By McKenzie Jackson/California Black Media
Bostonian Whitney White flew coast to coast to ask Democratic Presidential Nominee Hillary Clinton a question that is on the lips of many of African Americans.
At the close of a Clinton campaign town hall meeting in Hollywood last Tuesday evening, the popular Internet personality asked Clinton how she plans to win the trust of black Americans who are skeptical of her due to her support of a crime bill that caused the incarceration rate among the African American community to sky rocket.
The legislation, the Violent Crime Control and Law Enforcement Act of 1994, was signed into law by Clinton’s husband, Bill Clinton, during his term as president.
“Systemic racism is a real problem. If we are to have a United America we need to admit this,” White said. “We as a people have contributed so much to this country, it was literally built on our backs, but have consistently since its creation have had the least respect. And I know everyone is tired of hearing about this issue, but trust us we’re more tired of having to talk about it.”
White, known by the screenname Naptural85 on social media sites, was one of 100 online creators invited to attend the Digital Content Creators Town Hall at Neuehouse Hollywood. Each of the web figures at the event are known on websites such as Twitter, YouTube, Facebook, and Instagram for various subjects such as beauty, entertainment, and lifestyle. Overall, the group represents 321 million social media subscribers.
White has over 2.5 million online followers who watch her videos or read her posts about black beauty and black lifestyle.
In response to the 30-year-old’s question, Clinton agreed systemic racism against blacks is a problem. The former Secretary of State then highlighted her track record of working against inequality in the black community through her past work with the Children’s Defense Fund, work in South Carolina to keep juveniles from being housed in adult jails, efforts to further the legal services available for black communities, along with working to give kids in Arkansas a better education.
“Because I have a history of working to overcome injustice and systemic challenges like racism doesn’t mean I don’t want to be held accountable by voters,” says Clinton. “The very first speech of this campaign was about criminal justice reform, ending the era of mass incarceration, looking for more programs of diversity, creating more housing, education, and employment opportunities. I am open to and receptive to dealing with the systemic problems that are at the root of injustice, disunity, and inequality in our country.”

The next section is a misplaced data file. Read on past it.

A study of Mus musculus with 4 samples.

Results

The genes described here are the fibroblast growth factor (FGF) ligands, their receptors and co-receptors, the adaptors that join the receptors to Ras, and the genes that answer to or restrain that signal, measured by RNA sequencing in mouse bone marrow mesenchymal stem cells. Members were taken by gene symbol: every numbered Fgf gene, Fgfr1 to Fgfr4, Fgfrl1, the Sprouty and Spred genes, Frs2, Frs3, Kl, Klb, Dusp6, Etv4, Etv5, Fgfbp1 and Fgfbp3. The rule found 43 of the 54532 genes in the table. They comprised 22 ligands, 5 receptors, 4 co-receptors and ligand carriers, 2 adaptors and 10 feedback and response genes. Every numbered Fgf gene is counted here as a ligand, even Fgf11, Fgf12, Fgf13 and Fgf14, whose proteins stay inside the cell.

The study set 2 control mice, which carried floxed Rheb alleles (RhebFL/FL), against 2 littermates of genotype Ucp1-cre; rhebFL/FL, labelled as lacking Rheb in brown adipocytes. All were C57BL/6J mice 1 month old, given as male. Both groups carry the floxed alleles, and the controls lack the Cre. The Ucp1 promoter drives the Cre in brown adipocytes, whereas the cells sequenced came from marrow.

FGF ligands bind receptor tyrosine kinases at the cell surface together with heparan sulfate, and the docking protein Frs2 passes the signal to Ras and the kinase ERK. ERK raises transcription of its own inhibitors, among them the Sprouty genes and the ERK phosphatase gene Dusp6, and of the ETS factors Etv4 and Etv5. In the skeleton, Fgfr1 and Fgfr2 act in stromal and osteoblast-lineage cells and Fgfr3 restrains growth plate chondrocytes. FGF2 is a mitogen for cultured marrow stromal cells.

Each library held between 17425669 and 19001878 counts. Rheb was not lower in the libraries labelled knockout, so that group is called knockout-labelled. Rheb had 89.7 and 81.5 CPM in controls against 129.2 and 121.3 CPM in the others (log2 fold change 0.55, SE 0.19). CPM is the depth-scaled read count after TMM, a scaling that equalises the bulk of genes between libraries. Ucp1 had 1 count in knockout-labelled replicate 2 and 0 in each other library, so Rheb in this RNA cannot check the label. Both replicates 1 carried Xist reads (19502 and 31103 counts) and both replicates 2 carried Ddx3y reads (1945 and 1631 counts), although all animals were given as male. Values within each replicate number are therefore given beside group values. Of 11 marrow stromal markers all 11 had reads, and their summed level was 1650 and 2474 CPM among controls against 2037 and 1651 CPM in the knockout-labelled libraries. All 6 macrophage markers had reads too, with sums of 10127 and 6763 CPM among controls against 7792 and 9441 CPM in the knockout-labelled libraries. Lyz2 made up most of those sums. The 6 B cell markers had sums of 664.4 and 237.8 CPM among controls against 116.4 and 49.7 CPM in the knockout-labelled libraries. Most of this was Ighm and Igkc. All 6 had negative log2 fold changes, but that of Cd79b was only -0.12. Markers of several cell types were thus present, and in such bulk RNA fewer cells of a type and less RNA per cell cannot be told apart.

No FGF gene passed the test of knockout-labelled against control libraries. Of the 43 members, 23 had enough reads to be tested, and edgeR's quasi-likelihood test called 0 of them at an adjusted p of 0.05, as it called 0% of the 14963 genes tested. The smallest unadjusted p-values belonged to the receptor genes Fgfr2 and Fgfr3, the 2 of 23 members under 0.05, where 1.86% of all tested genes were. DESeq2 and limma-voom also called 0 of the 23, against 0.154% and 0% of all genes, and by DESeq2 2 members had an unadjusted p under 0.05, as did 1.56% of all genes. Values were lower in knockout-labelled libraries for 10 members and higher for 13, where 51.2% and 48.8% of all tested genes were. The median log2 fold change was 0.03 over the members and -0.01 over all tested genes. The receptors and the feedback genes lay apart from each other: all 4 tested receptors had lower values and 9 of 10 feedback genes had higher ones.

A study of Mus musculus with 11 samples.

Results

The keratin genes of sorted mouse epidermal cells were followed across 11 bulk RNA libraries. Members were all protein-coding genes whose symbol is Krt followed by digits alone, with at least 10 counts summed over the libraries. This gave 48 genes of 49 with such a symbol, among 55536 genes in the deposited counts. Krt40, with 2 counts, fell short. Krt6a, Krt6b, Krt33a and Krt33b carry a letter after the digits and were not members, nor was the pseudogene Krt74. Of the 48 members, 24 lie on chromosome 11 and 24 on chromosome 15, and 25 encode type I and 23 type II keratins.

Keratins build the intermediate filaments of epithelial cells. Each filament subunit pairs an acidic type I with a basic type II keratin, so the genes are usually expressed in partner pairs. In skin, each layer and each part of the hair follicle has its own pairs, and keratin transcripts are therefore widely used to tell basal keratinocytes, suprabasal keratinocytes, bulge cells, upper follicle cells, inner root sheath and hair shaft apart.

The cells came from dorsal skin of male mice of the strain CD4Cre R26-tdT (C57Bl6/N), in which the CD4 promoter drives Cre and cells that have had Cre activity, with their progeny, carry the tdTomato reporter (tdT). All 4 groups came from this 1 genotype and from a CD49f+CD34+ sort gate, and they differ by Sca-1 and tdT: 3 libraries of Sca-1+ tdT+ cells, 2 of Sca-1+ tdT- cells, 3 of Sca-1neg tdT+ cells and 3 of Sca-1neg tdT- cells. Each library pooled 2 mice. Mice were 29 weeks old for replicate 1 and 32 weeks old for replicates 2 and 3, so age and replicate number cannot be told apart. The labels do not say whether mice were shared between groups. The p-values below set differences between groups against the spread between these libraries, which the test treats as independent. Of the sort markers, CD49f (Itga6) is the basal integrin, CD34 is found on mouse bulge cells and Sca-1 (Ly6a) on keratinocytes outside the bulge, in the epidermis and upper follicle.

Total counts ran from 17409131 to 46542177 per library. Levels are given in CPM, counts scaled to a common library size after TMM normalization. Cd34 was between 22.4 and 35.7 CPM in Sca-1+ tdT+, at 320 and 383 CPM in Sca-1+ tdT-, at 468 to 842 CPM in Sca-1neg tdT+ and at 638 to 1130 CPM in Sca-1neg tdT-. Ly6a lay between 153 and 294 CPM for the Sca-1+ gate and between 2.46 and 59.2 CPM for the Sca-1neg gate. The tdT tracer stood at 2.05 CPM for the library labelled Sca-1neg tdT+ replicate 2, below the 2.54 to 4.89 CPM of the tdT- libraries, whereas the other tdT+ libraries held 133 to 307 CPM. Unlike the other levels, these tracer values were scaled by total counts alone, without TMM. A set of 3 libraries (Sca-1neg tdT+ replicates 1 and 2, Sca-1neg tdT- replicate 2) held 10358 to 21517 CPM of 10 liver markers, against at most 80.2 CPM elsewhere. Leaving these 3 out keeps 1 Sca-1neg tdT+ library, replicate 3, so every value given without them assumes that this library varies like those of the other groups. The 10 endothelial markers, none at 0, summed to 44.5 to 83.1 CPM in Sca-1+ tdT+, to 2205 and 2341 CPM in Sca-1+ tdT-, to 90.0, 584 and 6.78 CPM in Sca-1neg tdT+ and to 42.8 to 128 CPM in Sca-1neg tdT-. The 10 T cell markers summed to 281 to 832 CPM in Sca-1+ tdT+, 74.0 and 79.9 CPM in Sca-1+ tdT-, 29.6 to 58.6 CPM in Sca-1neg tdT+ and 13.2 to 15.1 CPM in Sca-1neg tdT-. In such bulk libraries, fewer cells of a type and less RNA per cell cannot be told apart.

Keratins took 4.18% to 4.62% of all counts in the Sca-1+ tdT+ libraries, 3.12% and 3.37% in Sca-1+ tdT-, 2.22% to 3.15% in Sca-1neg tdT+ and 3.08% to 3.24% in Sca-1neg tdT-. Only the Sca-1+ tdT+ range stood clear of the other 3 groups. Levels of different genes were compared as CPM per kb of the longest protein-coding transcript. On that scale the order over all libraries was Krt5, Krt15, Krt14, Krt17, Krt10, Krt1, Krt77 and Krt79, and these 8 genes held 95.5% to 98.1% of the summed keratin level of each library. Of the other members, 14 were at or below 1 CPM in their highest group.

During the event, hosted by vlogger Dulce Candy, Clinton answered a range of questions posed by the creators including queries about aiding military veterans, improving education, immigration, fighting online bullying and ‘Revenge Porn,’ homelessness, LGBT community support, using social media in the Oval Office and Republican Presidential nominee Donald Trump.
The former First Lady and New York Senator also answered a question about reducing student loan debt posed by an unidentified female, African American vlogger. Clinton called student loan debt a terrible burden that interferes with Americans’ dreams of buying a home or starting a business. The candidate offered ideas of how to worsen the financial blow on individuals that need the aid of government dollars to get a higher education.
“One, we are going to refinance,” Clinton said. “Two, we are going to move as many people as possible into repayment plans so that you can pay back as a percentage of your income not on a fixed amount based on an interest rate.”
The politician said if she is elected to the nation’s highest office she will work to put a moratorium on debt for three years for entrepreneurs.
“At the end of those three years if you prove you are really getting something going, and you are employing people we will move toward forgiving a lot of that debt,” says Clinton. “I also want people that are doing national service jobs or public service jobs to have a lot of their debt forgiven. It boils down to something a I really disapprove of – the federal government making money off of lending money to young people to get an education.”
The town hall meeting with the group of mostly tech savvy millennials and Generation Z members was one of three stops Clinton had in Southern California. The other two were fundraisers – one at the home of Napster co-founder and former Facebook president Sean Parker and the other at the residence of investor/philanthropist Marc Nathanson, founder of Falcon Cable.
White’s closing question to Clinton stole the show at the town hall. As soon as the event ended, White was quickly introduced to Clinton for a small chat. Afterwards, Clinton supporters approached White to have discussions.
According to White Clinton said she understood why she posed the query and reinforced her history of working with the black community.
White said she realizes the presidential front-runner has a history of working for equality in the black community, but she added she and her followers still want to know Clinton’s detailed plans to help uplift African Americans.
“In the future how do you plan on working with us? Are you going to be a black community supporter? Are you going to rally with us like you do for LGBT? I didn’t really get my question answered as to what her future plans are,” White said. “She does a great job talking about systematic racism, but does she give calls to action? What do you want people to do to end it? It’s an old story, but we have to keep talking about it because it’s still here.”